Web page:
George

GROUNDHOG DAY

February 2, 2006

Upon hearing the news that the groundhog has seen his shadow this morning, thus predicting six more weeks of winter, I feel compelled to respond. As cloudy as it is this morning, there is no way any self-respecting specimen of <u>Marmota monax </u>could see anything like a shadow unless he had an artificial light on. Further, as cold as it is, any groundhog worth his salt would still be doing what groundhogs do best at this time of the year. For this reason, I am convinced that Punxatawny Phil, the most famous groundhog of them all, immortalized by Bill Murray and Andie McDowell (what a sweetheart), is a fraud.
I don't know if you might be aware of it, but there are actually a number of groundhog prognosticators in Pennsylvania. In Quarryville, home of the Slumbering Groundhog Lodge, there is Octorara Orphie. His prediction record of spring's early entrance is unchallenged. Unchallenged but usually wrong. In York County is Poor Richard. This furry denizen of the burrow predicted an early spring in 1993, just before the great blizzard of March, so his predictions can be discounted.
Perhaps the best record of all is that of Saint Thomas Tom, prominent subterranean resident of the community in which I reside. Tom eschews early predictions in February, leaving his hermitage for the first time in late March or early April, depending upon the weather. Tom emerges from his burrow to declare spring's arrival when it actually arrives. He has never been wrong. Our lodge, the Morning Marmot Lodge, meets on the first day the temperature hits 70 degrees Fahrenheit in April. Then we celebrate the rites of spring by sacrificing a virgin, if of course one is available unsullied, and then by retiring to the local Elks lodge for several adult beverages. Last year, this date came during the opening week of trout season, so attendance was down a bit. Trout season is taken very seriously by us Pennsylvanians, as is the coming of spring. The two usually arrive about the same time.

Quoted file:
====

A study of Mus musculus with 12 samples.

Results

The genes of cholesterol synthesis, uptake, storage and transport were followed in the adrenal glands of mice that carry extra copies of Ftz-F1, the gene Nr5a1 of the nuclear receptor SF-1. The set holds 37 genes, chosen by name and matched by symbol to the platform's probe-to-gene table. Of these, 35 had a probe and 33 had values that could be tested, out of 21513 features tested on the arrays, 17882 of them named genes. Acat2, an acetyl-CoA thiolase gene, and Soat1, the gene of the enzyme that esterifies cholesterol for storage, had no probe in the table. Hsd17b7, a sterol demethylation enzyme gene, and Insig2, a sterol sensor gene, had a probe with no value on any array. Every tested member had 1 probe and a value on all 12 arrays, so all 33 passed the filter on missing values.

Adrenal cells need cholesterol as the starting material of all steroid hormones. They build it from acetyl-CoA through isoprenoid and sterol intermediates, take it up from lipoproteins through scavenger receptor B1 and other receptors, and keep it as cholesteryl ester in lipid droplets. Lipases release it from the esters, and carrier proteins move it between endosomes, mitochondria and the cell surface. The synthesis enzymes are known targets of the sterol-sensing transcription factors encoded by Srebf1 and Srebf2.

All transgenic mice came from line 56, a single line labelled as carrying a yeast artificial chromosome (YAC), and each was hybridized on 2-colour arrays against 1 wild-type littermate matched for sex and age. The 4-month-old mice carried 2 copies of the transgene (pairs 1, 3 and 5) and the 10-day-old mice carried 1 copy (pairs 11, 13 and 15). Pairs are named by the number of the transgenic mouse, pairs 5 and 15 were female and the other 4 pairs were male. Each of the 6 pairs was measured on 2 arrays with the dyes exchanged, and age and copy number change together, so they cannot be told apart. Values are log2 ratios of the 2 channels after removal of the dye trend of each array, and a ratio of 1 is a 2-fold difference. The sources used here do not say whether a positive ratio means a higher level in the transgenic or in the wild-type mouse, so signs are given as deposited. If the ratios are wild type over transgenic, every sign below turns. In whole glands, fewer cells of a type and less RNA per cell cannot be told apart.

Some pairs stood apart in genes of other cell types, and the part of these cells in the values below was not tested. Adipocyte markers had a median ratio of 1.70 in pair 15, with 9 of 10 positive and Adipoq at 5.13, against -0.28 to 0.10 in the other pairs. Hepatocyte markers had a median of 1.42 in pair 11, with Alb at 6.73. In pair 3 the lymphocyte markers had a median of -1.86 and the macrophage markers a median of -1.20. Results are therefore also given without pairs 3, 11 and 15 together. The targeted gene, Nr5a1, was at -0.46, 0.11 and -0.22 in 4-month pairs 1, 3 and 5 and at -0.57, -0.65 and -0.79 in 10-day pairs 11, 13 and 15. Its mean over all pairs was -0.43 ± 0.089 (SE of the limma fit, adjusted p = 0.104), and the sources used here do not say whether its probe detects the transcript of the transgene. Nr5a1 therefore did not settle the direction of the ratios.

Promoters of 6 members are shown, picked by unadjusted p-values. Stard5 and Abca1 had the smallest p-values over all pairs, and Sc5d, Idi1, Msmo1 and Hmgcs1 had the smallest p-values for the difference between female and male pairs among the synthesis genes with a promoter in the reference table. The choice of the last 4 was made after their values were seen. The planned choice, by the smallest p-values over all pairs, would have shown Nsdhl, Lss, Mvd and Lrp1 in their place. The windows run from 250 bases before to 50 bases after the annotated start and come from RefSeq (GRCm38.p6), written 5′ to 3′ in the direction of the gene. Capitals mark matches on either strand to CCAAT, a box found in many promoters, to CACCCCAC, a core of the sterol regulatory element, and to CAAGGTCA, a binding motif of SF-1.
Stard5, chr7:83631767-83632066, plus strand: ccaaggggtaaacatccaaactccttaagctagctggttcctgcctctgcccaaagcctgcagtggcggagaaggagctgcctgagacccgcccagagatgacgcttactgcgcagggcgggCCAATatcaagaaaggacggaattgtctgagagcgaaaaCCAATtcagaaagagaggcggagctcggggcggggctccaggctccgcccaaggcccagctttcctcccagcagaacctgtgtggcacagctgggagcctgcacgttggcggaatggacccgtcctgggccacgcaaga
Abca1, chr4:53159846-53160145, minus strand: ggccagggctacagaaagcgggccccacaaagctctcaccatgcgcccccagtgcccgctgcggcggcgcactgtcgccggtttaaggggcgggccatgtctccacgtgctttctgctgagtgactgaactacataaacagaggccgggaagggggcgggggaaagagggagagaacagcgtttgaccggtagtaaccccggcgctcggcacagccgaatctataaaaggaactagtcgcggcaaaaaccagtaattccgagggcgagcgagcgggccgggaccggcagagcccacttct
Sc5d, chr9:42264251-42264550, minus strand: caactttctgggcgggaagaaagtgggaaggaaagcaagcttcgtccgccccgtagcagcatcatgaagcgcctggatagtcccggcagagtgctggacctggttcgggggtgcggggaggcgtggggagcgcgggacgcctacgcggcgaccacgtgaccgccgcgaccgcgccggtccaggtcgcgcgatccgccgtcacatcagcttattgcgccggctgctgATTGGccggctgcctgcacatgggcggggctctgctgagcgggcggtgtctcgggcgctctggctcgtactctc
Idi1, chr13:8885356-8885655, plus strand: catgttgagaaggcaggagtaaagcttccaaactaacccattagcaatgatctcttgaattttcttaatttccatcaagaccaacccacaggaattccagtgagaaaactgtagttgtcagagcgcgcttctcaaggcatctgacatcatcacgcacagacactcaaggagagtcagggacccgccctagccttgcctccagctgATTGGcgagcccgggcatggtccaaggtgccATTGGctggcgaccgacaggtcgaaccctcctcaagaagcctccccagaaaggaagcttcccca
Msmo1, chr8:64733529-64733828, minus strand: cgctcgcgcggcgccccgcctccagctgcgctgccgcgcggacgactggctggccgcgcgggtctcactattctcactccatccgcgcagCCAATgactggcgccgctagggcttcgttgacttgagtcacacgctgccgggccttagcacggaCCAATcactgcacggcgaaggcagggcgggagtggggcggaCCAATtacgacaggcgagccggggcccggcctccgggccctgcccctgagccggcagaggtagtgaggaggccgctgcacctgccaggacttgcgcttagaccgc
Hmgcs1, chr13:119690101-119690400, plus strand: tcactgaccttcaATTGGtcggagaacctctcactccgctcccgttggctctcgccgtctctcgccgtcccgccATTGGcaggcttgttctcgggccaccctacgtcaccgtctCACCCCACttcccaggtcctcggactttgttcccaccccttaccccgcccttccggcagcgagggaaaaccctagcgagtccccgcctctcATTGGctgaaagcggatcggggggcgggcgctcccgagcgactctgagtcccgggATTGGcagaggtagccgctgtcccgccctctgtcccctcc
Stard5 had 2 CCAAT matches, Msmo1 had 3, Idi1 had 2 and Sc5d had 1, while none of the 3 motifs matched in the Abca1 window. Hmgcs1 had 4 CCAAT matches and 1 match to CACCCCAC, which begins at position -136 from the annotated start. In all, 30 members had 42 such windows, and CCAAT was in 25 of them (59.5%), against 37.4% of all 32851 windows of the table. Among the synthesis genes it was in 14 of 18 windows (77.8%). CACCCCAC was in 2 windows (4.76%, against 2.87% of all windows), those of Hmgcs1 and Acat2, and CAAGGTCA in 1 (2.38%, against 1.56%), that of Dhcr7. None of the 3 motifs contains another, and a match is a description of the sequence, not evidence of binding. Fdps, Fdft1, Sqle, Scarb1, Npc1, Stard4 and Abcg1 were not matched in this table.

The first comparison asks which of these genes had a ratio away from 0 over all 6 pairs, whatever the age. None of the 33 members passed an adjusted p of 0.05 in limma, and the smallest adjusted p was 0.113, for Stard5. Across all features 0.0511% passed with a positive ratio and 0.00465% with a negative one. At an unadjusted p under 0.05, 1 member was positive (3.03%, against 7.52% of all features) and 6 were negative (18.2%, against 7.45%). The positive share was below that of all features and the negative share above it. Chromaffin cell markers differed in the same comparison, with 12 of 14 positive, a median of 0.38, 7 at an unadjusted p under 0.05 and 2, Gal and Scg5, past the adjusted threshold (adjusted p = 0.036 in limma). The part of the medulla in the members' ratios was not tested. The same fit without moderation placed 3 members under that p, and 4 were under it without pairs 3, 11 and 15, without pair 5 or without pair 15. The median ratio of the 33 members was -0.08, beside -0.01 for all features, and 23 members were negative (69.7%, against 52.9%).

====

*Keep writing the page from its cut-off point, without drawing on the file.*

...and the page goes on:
The groundhog also helps to usher in another Pennsylvania tradition. He retires to his burrow to sleep off the proceeds of a summer's gluttony about the same time hunting season begins. In Saint Thomas, we have a second Groundhog Day the last weekend of September to commemorate this exciting event. A feast is prepared (usually wild game of some sort), another virgin is sacrificed, and after these festivities (you guessed it) we retire to the local Elks lodge for several adult beverages. We Pennsylvanians do like our adult beverages.
I hope this tome helps others to understand our quaint customs in south central Pennsylvania, where men are men and so are most of the women, and deer are extremely nervous. Have a nice day, and remember that spring is just around the corner, wherever that corner is.
 


There aren't any groundhogs in these parts, but with all the snow falling here today one would have a heck of a time seeing its shadow anyhow
 

Does it really matter how long winter remains, as long as we mortals have a good quantity of a good quality Kentucky liquid to pour over ice? I think not, and after three or four tumblers of the fire water, could care even less.
 


I gotta tell you where I met Mr. Light. It was at a field trial held at the DuBois/Beaver Meadow grounds. I don't think any of my dogs won there, but I remember the people as being top of the line and they made us flatlanders feel welcome. I doubt much has changed in that regard since the 1970s when I was there.